Coventry University lecturer wins top fellowship award
A professor of civil engineering at Coventry University has won an award as part of the 2012 National Teaching Fellowship Scheme (NTFS).
Professor John Davies was awarded the accolade – which recognises excellence in learning and teaching – by the Higher Education Academy. The award is open to all higher education institutions in England, Wales and Northern Ireland.
After practising as a civil engineer for eight years and becoming a Chartered Engineer, Professor Davies began his academic career at the Polytechnic of Central London (now the University of Westminster) in 1980. He moved to Coventry University in 1997 where he continued his research and pursued his passionate interest in engineering education. Between 2001 and 2010 he was head of the Department of Civil Engineering, Architecture and Building.
John’s approach to supporting students’ learning in his main subject, civil engineering hydraulics, is to focus on helping them understand how to apply their skills in a working environment. By using realistic case studies as the basis for his teaching, students are able to better understand the practical application of their learning. John also makes sure his students experience the complications seen in real-world projects, especially those which reinforce their understanding of basic engineering principles.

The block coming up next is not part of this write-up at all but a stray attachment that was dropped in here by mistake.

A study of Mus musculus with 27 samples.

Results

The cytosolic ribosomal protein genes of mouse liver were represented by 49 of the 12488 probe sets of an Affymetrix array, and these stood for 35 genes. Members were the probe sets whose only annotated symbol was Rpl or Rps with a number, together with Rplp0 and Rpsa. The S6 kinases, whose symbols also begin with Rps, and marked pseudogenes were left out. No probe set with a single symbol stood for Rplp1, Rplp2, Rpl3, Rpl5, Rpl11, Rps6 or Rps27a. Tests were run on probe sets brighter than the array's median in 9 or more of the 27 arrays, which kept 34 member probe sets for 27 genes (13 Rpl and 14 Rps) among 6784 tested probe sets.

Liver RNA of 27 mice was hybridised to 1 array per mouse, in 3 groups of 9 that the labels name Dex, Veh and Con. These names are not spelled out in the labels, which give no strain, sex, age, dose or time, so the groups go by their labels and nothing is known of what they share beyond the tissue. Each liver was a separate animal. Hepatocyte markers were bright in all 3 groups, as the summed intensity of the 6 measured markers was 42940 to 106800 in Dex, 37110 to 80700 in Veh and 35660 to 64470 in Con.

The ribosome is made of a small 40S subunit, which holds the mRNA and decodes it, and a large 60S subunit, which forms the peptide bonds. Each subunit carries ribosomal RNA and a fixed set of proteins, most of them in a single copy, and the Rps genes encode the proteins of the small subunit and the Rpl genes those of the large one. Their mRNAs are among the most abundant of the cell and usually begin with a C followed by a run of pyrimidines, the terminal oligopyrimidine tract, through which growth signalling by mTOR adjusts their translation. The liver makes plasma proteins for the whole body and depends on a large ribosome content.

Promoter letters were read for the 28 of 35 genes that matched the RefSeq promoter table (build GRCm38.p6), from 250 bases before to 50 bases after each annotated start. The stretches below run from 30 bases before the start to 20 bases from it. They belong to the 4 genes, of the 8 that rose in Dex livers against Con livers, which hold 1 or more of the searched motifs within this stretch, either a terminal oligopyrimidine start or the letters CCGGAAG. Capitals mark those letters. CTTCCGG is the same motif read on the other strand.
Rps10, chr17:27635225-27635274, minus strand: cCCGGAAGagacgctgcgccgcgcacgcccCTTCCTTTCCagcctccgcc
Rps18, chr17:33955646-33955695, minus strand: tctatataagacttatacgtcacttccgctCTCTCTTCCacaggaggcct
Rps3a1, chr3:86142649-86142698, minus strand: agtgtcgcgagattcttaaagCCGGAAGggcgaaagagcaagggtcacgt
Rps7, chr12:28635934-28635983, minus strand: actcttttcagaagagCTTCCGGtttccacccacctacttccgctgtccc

His recent education work has focused on projects which are funded by the National HE STEM Programme and which relate to part-time students, as a third of the University’s civil engineering undergraduates study on day release from work. One project has involved a scheme by which part-time students act as mentors to full-time students, while another has collected examples of effective practice in part-time delivery.
Professor Davies said: “It’s really great to have won this award. I love working with students and I also value the opportunity to work with staff to enhance the experience for students. The NTFS recognises all aspects of what I’ve been trying to do, and that is particularly rewarding.”
The NTFS aims to raise the profile of learning and teaching in the higher education sector and to make a positive impact on student learning. A number of awards – each of which are worth £10,000 – are made each year to recognise individual excellence and are intended for Fellows’ professional development in teaching.